Early last year, a mid-level manager for a large microelectronics company faced a dilemma. He had long before promised his wife and children that he'd go to a special evening church service that his spouse had helped organize. Then, a few weeks before the event, his boss told him that a major client had scheduled a meeting halfway across the country for that same night. Torn between the two choices, the man agonized over what to do.
After much deliberation, he decided to go out on a limb. He told his boss he wouldn't be available on that night and asked if the client meeting could be rescheduled. His boss said no. "After that, I wasn't called upon to give input into matters involving that customer," he says. "I was able to be with my family that night, but I believe it hurt me careerwise."
Dilemmas like this are the everyday stuff of fatherhood today -- and they tear men up inside, though their struggle often doesn't show. Should you work late to meet a deadline or get home in time to see your kids? Accept a late-night business call or continue helping your son with homework? Network with colleagues at a weekend conference or go to your daughter's soccer game? Whatever choice a man makes threatens to leave someone -- his boss, his child, his wife -- unhappy. "I feel like I'm constantly disappointing my family and people at work," the mid-level manager says, "because I'm not doing justice to either."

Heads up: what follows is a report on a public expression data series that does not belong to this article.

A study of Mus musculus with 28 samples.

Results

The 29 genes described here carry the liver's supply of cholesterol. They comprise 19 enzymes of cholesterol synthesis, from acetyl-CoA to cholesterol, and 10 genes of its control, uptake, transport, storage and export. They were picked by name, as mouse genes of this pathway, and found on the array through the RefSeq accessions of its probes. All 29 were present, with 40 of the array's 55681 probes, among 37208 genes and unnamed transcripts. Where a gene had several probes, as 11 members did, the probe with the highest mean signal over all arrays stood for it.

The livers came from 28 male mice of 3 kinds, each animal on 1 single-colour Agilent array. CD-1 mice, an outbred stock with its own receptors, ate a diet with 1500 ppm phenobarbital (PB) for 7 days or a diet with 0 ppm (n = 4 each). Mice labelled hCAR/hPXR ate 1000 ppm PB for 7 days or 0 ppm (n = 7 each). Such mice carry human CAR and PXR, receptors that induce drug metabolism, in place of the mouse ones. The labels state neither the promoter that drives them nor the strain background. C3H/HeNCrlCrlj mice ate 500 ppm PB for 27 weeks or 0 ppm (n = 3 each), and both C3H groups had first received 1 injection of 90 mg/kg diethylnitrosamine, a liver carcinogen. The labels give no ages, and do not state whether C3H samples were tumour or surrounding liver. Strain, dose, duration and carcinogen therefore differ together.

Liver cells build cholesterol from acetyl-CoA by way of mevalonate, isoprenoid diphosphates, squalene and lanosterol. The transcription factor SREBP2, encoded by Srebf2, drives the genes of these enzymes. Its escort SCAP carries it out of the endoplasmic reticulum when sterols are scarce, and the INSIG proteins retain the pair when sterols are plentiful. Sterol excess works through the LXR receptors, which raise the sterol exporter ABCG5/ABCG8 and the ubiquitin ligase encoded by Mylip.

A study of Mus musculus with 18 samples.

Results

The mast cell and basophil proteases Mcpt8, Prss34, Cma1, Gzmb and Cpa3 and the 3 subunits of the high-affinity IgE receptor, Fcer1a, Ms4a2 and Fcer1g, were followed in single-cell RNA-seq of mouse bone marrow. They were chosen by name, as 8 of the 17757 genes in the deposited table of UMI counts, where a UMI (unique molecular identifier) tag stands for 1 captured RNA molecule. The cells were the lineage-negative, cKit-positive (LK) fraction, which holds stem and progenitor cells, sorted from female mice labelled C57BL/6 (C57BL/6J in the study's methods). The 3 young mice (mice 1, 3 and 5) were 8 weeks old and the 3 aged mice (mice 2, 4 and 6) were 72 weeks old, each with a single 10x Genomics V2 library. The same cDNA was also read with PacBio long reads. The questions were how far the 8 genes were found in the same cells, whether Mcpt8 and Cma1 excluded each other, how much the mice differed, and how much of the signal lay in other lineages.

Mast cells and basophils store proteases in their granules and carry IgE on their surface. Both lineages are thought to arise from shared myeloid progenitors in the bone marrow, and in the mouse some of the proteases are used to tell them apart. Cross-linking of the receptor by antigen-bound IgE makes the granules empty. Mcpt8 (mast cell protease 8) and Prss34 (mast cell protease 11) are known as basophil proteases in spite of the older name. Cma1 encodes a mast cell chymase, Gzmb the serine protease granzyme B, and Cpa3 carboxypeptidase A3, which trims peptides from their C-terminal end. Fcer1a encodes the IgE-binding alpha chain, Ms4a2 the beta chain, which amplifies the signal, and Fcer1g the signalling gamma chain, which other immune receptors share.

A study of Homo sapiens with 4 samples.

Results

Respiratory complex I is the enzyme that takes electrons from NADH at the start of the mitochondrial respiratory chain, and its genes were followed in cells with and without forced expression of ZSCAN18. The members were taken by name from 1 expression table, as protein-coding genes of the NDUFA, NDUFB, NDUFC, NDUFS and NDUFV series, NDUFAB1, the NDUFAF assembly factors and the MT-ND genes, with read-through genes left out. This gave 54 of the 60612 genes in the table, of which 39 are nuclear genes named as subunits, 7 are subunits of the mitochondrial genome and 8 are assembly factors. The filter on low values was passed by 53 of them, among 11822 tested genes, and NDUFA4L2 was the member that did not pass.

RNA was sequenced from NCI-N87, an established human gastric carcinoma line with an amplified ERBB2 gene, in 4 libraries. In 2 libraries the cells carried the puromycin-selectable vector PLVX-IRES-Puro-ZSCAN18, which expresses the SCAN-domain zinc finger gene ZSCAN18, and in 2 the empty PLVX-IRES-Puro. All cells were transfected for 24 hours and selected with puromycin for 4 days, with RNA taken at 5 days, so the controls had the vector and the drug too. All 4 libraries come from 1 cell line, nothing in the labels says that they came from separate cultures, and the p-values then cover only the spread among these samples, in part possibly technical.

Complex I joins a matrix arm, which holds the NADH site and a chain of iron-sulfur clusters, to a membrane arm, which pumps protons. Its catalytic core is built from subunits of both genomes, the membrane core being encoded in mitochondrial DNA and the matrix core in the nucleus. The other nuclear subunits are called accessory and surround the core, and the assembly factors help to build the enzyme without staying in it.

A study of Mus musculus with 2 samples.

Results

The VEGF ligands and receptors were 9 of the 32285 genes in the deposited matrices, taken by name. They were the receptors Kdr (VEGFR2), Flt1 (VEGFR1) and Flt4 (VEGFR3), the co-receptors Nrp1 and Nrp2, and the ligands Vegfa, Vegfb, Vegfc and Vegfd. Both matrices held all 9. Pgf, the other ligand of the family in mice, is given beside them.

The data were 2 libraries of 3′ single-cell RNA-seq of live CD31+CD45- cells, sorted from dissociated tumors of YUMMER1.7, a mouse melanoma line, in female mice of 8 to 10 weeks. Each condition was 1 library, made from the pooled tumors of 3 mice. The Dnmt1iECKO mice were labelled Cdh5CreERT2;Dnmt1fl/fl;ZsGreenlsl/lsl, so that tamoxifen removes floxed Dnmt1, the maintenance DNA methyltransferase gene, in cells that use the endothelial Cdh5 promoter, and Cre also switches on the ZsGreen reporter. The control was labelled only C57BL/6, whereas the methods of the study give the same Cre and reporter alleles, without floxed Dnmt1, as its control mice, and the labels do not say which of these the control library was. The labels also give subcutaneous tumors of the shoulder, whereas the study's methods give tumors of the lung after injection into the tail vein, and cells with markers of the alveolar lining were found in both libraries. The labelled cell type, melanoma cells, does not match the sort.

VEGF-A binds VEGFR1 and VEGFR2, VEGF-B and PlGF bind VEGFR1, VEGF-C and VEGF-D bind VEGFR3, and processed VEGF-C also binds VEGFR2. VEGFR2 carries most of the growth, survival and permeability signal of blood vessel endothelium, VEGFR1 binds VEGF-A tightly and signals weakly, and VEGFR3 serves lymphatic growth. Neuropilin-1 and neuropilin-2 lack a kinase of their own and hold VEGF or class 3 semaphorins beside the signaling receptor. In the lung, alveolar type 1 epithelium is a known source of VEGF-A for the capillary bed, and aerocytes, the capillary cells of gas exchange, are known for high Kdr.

Mothers, of course, have been saying the same thing for years. But increasingly, men are admitting to angst about the competing demands of work and family. According to a recent study by the Families and Work Institute (FWI), a New York City research organization, 70 percent of men say strains on family life are an issue for them -- compared to 60 percent five years earlier. But because the "daddy dilemma" is so rarely acknowledged, men who make decisions favoring their family over their job make a louder statement than women who do, and potentially suffer more harm to their career. "When companies -- and even employees -- talk about the family-friendly workplace, it's often assumed that the beneficiaries are working mothers," says James Levine, Ph.D., director of FWI's Fatherhood Project and author of Working Fathers: New Strategies for Balancing Work and Family (Harcourt Brace, 1998). "People are just beginning to understand that dads want flexibility from their employers too."
As things stand, "a lot of fathers feel they are in an almost impossible situation," says Michael Connor, Ph.D., a professor of psychology at California State University, Long Beach, who studies the ways fathers balance professional and personal commitments. "There just aren't enough hours in the day to get everything done, so very few men today feel in control of their lives."